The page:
A federal grand jury Thursday returned a 30-count indictment against Dzhokhar Tsarnaev, the suspect in the April 15 Boston Marathon bombings, providing new detail about his interest in radical Islamist literature and describing for the first time messages he scrawled inside a dry-docked boat just before his capture.
“The U.S. Government is killing our innocent civilians,” Tsarnaev wrote on the walls and beams of the boat, which was in a back yard outside a police cordon he had slipped through in Watertown, Mass.
He also wrote: “I can’t stand to see such evil go unpunished.”
Tsarnaev, a naturalized U.S. citizen, was charged with the use of a weapon of mass destruction resulting in death; the bombing of a public place that resulted in death; and the murder of a Massachusetts Institute of Technology police officer, among other crimes.
Seventeen of the charges carry the death penalty or life in prison, the U.S. attorney’s office in Boston said. The Justice Department will have to decide whether to pursue a capital prosecution, a decision that ultimately rests with Attorney General Eric H. Holder Jr., according to Carmen Ortiz, the U.S. attorney in Boston.
“I do want to say that I have met several of those that were injured on April 15th as well as members of the deceased families,” Ortiz said Thursday at a news conference in Boston. “Their strength is extraordinary, and we will do everything that we can to pursue justice not only on their behalf, but on behalf of all of us.”
Tsarnaev, who was hospitalized with a throat wound after his arrest, is scheduled to be arraigned July 10 in federal court in Boston.
The indictment describes how Tsarnaev, 19, and his older brother, Tamerlan, who was killed after a shootout with police April 19, allegedly moved toward the finish line at the Boston Marathon, carrying improvised bombs in black backpacks.
At 2:40 p.m. Tamerlan, 26, walked to the front of Marathon Sports on Boylston Street as his brother moved to a position in front of the Forum restaurant, according to the indictment. The bombs were placed by low metal barriers along the edge of the street where hundreds of spectators were watching the runners.
At 2:48 p.m. Tsarnaev called his older brother on a cellphone; they communicated for just a few seconds, the indictment says. Seconds later, Tamerlan detonated the first bomb, killing Krystle Marie Campbell, a 29-year-old native of Medford, Mass., who was cheering on her boyfriend. After a few more seconds, Tsarnaev detonated the second device, killing 7-year-old Martin Richard, who was attending the event with his family, and Lingzi Lu, a 23-year-old Chinese citizen and graduate student at Boston University.
More than 260 people were injured in the blasts, many of them seriously. More than a dozen amputations were performed in area hospitals.
Preparations for the bombings began at least as early as Feb. 6, when Tamerlan purchased 48 mortars containing eight pounds of low-explosive powder at a fireworks store in Seabrook, N.H., according to the indictment.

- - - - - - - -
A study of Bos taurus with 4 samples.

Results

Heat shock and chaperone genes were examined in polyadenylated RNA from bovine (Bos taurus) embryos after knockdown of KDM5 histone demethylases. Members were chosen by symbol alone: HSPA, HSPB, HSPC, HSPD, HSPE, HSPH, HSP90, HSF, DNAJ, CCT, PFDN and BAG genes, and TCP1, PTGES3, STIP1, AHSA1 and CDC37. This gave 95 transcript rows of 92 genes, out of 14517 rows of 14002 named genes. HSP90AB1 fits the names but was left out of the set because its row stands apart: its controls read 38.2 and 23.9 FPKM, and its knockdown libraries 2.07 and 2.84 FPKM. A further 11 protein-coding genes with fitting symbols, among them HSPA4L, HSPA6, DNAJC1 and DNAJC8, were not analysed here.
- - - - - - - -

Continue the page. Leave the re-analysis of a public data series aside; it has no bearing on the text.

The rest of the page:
In March, the ethnic Chechen brothers traveled to a shooting range in Manchester, N.H., rented two 9mm handguns, bought 200 rounds of ammunition and practiced shooting for an hour.
The instructions for the bombs — made of pressure cookers, low-explosive powder and shrapnel — were downloaded by Tsarnaev from the magazine Inspire, an English-language publication produced by al-Qaeda’s Yemeni affiliate, the indictment alleges.
The indictment says Tsarnaev had downloaded a number of radical publications, including a digital copy of a book titled “The Slicing Sword,” which calls on Muslims not to offer allegiance to governments that “invade Muslim lands.” A foreword to the book was written by Anwar al-Awlaki, the American-born propagandist for al-Qaeda’s Yemeni affiliate who was killed in a joint CIA-military drone operation in Yemen in September 2011.
Tsarnaev also downloaded publications such as “Defense of the Muslim Lands” and “Jihad and the Effects of Intention Upon It,” the indictment says.
The indictment suggests that the brothers were selfradicalized by way of the Internet. There is no mention of a wider conspiracy or of direct contact with a terrorist organization. After the bombings, U.S. investigators traveled to Russia to see whether Tamerlan had formed any kind of alliance with radicals there during a six-month stay in the Russian republic of Dagestan in 2012.
Tsarnaev and his brother were identified as suspects from video footage that the FBI and other law enforcement agencies searched through after the attacks and released to the public in order to get the bombers’ names.
On April 18, the night their pictures were released, Tsarnaev and his brother armed themselves with five bombs, a 9mm semiautomatic handgun, ammunition, a machete and a hunting knife, according to the indictment.
At 10:25 p.m. they shot and killed Sean Collier, an MIT police officers, in an unsuccessful attempt to get his weapon, the indictment says. Then they carjacked a Mercedes SUV, but the driver escaped early the next morning.
About 12:50 a.m April 19, the brothers shot at and threw bombs at Watertown police officers. Tamerlan, who was shot, was tackled by three officers who attempted to handcuff him. Tsarnaev then drove the Mercedes at the group of officers and ran over his brother, “seriously injuring him and contributing to his death,” the indictment says.
Tsarnaev drove off and quickly ditched the Mercedes. He smashed his cellphones and found his way to the boat. Police eventually surrounded the boat, and Tsarnaev, who was by then unarmed, survived a volley of gunfire into the vessel before he was apprehended.
Julie Tate contributed to this report.